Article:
Cholesterol is a fat-like substance that is produced in the liver. Every cell in our body has cholesterol and our body is capable of making all the cholesterol it needs. Cholesterol is transported in the blood by lipoproteins.
There are two types of lipoproteins that transport cholesterol throughout the body: low-density lipoproteins (LDL)-“ bad” cholesterol and high-density lipoproteins (HDL) – “good “cholesterol.
LDL transports cholesterol from the liver to the cells. If too much cholesterol is transported to the cells, it can lead to build up of cholesterol in the arteries. HDL does the opposite – it carries cholesterol from the cells to the liver.
What is high cholesterol ? High cholesterol is a state in which you have too much cholesterol in the blood. Having a high cholesterol puts you at risk for heart disease. It is important that you have healthy LDL and HDL levels.
Total Cholesterol Category
Less than 200 mg/dl Desirable
200 to 239 mg/dl Borderline high
240 mg/dl and above High blood cholesterol
Optimal levels according to the CDC
Desirable Cholesterol Levels
Total cholesterol Less than 200 mg/dL
LDL (“bad” cholesterol) Less than 100 mg/dL*
HDL (“good” cholesterol) 40 mg/dL or higher
Triglycerides Less than 150 mg/dL
2013 statistics on High Blood Cholesterol for African-American women age 20 years old and older
• According to the American Heart Association(AHA), 40.7 % of women have total blood cholesterol levels of 200 mg/dl or higher.
• According to the American Heart Association(AHA), 11.7% of women have levels of 240 mg/dl or higher.
• According to the American Heart Association(AHA),31.2% of women have an LDL cholesterol of 130 mg/dl or higher.
• According to the American Heart Association(AHA), 10.2% of women have HDL cholesterol less than 40 mg/dl.
Risk factors – that can be modified to reduce your risk of high blood cholesterol levels.
• Diet- there are certain foods that can raise your blood cholesterol levels. Foods that contain saturated fats, trans fatty acids(trans fats) , dietary cholesterol, or triglycerides are likely to raise your blood cholesterol levels.
• Weight- being overweight can raise your LDL level –“bad” cholesterol and lower your HDL –“good” cholesterol as well as raise your total cholesterol levels.
• Physical inactivity – not exercising can lead to weight gain, which can result in increased cholesterol levels.
Prevention – tips to prevent or reduce your risk of high blood cholesterol levels.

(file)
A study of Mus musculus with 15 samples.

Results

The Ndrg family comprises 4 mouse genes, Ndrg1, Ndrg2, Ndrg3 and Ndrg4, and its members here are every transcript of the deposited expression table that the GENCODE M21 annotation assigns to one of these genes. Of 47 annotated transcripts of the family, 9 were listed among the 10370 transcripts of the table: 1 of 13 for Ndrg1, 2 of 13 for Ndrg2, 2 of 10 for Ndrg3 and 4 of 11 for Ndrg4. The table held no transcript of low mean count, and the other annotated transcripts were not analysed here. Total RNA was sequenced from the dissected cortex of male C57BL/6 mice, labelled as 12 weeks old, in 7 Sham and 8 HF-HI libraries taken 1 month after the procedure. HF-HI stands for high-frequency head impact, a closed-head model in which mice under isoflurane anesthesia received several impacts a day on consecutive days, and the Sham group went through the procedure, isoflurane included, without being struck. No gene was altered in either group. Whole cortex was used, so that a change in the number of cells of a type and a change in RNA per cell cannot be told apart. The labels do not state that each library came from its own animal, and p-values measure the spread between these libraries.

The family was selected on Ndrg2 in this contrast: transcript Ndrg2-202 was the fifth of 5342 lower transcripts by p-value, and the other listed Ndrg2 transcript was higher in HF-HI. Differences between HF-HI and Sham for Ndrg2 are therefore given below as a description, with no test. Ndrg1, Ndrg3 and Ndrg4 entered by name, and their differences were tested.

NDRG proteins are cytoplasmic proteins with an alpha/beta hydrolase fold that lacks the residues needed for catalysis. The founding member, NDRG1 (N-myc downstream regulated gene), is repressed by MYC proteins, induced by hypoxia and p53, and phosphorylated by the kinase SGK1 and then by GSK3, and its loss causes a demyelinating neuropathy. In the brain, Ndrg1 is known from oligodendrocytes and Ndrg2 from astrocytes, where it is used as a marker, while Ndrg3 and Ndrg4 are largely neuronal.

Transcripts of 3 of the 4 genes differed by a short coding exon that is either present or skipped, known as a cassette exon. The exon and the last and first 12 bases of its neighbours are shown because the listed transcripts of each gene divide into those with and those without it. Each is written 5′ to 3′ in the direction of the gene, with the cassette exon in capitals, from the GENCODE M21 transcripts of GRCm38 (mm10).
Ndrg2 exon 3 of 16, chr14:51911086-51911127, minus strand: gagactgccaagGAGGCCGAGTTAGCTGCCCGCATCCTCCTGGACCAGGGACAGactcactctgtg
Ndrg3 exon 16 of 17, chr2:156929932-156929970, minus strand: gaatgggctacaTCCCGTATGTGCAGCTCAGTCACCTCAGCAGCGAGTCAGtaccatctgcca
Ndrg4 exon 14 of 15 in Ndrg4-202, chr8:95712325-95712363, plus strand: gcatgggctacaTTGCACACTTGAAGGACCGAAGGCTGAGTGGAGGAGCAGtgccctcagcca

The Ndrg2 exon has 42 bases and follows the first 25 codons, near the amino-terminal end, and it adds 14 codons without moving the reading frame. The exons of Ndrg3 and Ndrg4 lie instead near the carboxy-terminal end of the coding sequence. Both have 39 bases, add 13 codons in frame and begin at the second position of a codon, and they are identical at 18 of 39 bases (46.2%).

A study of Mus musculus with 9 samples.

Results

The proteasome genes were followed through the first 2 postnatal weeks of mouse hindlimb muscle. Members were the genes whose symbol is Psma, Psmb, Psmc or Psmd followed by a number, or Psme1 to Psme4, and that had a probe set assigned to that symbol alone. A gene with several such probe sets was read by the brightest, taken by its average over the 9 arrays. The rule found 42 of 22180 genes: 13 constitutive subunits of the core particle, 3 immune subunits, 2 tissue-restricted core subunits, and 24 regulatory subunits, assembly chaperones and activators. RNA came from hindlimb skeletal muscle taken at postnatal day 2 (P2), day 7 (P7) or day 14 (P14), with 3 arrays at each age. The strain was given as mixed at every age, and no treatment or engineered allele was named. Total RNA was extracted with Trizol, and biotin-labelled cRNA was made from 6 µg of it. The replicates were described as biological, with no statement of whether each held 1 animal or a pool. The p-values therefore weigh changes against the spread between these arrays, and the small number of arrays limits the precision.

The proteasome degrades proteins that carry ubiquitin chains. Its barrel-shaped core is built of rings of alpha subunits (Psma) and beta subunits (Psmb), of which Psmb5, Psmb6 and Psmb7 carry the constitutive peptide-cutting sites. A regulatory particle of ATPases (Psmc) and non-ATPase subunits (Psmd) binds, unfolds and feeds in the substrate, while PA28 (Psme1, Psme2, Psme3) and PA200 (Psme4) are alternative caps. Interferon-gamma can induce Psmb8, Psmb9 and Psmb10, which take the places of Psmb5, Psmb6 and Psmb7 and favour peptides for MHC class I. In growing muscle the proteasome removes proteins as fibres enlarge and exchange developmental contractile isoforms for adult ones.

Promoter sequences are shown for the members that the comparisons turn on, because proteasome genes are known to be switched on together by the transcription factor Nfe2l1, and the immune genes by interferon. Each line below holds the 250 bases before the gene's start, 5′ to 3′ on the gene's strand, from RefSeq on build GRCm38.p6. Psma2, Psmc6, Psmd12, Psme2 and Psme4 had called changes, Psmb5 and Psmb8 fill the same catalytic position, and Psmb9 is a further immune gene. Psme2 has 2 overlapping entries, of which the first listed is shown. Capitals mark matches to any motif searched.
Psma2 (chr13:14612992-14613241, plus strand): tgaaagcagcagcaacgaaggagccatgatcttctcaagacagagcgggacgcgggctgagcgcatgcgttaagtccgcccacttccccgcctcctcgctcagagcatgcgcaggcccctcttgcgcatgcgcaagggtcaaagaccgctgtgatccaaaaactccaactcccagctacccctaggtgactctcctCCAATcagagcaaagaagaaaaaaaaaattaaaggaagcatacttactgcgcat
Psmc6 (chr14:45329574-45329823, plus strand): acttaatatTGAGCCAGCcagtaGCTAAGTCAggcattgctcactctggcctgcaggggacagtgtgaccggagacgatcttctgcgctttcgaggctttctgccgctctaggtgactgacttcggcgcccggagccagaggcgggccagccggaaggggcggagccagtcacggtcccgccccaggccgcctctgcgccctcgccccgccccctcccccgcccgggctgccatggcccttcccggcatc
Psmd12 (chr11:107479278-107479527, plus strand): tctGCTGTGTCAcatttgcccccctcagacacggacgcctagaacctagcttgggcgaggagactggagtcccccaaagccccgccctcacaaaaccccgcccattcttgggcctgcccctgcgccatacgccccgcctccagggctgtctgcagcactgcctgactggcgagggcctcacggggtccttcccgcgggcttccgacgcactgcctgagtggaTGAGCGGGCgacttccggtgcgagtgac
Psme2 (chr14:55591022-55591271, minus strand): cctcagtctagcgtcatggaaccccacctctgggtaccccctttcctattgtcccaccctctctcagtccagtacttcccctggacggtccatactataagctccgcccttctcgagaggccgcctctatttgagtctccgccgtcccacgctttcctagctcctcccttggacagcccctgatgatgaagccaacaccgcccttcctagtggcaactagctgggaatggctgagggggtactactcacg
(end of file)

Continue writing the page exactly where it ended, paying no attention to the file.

• Eat a healthy diet- a healthy diet can keep your blood cholesterol levels down or lower your cholesterol levels. Stay away from saturated fat, trans fat, and dietary cholesterol- they can cause your body cholesterol levels to raise. Monounsaturated and polyunsaturated fats are good fats-they can lower your blood cholesterol levels. Foods that have fiber can help lower your cholesterol levels.
• Maintain a healthy weight- find out what is your healthy weight number by calculating your body mass index(BMI). You can find out what your BMI is by visiting CDC’s Assessing Your Weight Web site. Being overweight or obese can actually raise your cholesterol levels, so losing weight will help lower your cholesterol levels.
• Exercise regularly- working out can help you maintain a healthy weight as well as lower your cholesterol level and blood pressure. Aim to exercise for 2 hours and 30 minutes every week, participate in moderate-intensity workouts.
• Don’t smoke- smoking puts you at an increased risk for heart disease and stroke. So don’t smoke. If you do smoke, quit. . For information on how to quit, visit CDC’s Smoking & Tobacco Use Web site.
1. National Institute of Health (NIH). 2012. What is cholesterol ?.
Available from http://www.ncbi.nlm.nih.gov/pubmedhealth/topics/health/h/
2. Centers for Diseases Control and Prevention(CDC). 2010. Cholesterol . Available at http://www.cdc.gov/cholesterol/
3. Go AS, Mozaffarian D, Roger VL, Benjamin EJ, Berry JD, Borden WB, Bravata DM, Dai S, Ford ES, Fox CS, Franco S, Fullerton HJ, Gillespie C, Hailpern SM, Heit JA, Howard VJ, Huffman MD, Kissela BM, Kittner SJ, Lackland DT, Lichtman JH, Lisabeth LD, Magid D, Marcus GM, Marelli A, Matchar DB, McGuire DK, Mohler ER, Moy CS, Mussolino ME, Nichol G, Paynter NP, Schreiner PJ, Sorlie PD, Stein J, Turan TN, Virani SS, Wong ND, Woo D, Turner MB;on behalf of the American Heart Association Statistics Committee and Stroke Statistics Subcommittee. Heart disease and stroke statistics—2013 update: a report from the American Heart Association. Circulation. 2013; 127:e6-e245.